The Abstract Shell design flow is nearly identical to the standard project-based Dynamic Function eXchange design flow. Support is in place for both RTL-based projects that use Partition Definitions to declare Reconfigurable Partitions, as well as the IP integrator solution that leverages Block Design Containers. While the declaration of RPs is done in different ways in these two environments, the synthesis and place and route management is still the same, so the support for Abstract Shells is identical.
The differences between the standard DFX and Abstract Shell flows are limited to the steps where the static design checkpoint is written from the initial (parent) implementation, and where the static design is opened to begin implementation of the second RM (and beyond) for each RP. Changes are seen within the DFX Wizard and the subsequent Design Runs for child instances.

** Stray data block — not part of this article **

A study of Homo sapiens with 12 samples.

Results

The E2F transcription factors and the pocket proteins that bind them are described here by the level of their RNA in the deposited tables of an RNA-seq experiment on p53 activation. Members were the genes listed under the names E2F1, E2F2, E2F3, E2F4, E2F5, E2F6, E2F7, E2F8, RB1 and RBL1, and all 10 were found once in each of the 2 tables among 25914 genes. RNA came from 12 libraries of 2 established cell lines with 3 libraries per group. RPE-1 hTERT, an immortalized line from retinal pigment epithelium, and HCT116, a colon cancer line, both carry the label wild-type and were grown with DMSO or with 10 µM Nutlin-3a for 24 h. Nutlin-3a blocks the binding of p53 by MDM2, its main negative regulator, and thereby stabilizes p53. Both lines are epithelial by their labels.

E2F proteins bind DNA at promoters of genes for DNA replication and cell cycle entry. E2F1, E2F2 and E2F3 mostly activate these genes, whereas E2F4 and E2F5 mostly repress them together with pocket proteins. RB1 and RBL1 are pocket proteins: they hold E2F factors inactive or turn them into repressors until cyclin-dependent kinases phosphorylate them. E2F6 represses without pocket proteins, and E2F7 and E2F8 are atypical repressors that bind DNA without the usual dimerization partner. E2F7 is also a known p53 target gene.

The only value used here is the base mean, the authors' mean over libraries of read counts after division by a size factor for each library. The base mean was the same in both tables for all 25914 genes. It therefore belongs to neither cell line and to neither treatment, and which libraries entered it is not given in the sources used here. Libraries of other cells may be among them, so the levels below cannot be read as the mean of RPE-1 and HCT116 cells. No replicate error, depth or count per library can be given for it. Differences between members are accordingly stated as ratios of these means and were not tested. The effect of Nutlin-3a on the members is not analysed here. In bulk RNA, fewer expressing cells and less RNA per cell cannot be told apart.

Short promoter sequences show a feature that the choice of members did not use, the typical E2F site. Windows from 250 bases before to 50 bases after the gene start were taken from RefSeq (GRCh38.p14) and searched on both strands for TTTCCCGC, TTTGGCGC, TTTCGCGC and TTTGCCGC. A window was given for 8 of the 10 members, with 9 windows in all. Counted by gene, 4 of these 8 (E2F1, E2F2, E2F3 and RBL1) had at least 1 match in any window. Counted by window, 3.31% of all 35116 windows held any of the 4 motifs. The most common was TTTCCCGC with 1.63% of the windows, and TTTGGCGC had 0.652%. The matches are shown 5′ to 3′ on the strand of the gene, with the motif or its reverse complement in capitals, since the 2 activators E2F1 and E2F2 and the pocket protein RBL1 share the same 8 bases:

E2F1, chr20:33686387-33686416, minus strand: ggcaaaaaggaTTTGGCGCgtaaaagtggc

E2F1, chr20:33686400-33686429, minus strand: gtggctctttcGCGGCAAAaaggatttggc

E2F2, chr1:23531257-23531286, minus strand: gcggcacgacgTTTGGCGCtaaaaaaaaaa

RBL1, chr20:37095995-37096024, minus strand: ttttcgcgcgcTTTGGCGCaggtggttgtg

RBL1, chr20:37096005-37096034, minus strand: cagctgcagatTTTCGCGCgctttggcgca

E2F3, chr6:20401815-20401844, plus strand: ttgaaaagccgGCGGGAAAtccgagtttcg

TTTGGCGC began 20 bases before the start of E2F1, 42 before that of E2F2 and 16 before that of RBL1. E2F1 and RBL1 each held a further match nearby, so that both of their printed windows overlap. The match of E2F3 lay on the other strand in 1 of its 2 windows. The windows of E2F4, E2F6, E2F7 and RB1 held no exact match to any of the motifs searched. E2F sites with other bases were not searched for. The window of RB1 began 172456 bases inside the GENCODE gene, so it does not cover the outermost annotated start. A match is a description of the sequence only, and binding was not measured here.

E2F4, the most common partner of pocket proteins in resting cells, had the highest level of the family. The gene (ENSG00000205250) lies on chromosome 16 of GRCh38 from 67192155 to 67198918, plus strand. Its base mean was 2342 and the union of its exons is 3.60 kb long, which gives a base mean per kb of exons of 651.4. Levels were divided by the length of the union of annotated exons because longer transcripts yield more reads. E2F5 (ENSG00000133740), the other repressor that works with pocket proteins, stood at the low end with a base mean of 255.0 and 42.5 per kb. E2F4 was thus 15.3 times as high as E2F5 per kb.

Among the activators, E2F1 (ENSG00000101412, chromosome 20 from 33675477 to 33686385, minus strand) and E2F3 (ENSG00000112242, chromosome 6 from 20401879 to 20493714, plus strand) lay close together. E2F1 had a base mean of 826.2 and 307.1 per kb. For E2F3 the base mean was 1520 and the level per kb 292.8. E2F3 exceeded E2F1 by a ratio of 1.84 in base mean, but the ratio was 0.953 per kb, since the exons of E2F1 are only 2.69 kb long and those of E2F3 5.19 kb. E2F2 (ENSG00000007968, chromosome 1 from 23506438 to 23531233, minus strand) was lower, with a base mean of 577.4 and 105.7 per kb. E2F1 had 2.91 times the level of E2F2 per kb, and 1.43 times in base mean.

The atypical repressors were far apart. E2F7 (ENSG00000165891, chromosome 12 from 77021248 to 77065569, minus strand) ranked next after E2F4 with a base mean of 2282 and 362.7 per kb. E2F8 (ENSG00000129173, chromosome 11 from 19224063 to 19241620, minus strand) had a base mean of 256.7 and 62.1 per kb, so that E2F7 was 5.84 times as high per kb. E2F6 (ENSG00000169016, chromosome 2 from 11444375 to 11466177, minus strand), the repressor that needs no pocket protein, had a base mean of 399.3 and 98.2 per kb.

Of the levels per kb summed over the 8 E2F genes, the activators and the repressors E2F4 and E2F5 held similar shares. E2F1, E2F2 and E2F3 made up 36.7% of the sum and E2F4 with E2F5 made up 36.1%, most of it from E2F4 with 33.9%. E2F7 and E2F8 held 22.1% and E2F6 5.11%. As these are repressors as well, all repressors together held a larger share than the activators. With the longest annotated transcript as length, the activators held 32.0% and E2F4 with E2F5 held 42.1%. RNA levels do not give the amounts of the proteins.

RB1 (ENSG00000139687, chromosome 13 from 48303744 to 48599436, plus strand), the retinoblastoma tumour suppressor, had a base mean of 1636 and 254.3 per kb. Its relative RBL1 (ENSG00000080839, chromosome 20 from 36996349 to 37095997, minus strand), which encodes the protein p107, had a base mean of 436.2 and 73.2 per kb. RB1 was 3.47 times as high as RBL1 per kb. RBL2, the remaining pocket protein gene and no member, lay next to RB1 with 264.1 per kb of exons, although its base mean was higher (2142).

Abstract Shells have two fundamental advantages over standard full-static checkpoints:
- Compile time for new Reconfigurable Modules is reduced for child runs, as Vivado implementation tools do not need to load or consider much of the information contained in the static part of the design.
- Static design information, including licensed IP, is hidden from view in an Abstract Shell, enhancing design security and reducing IP license requirements.
Project mode for Abstract Shells leverages the first benefit but not the second. The entire design is always resident in a DFX project so there is no mechanism to hide any details about the static part of the design.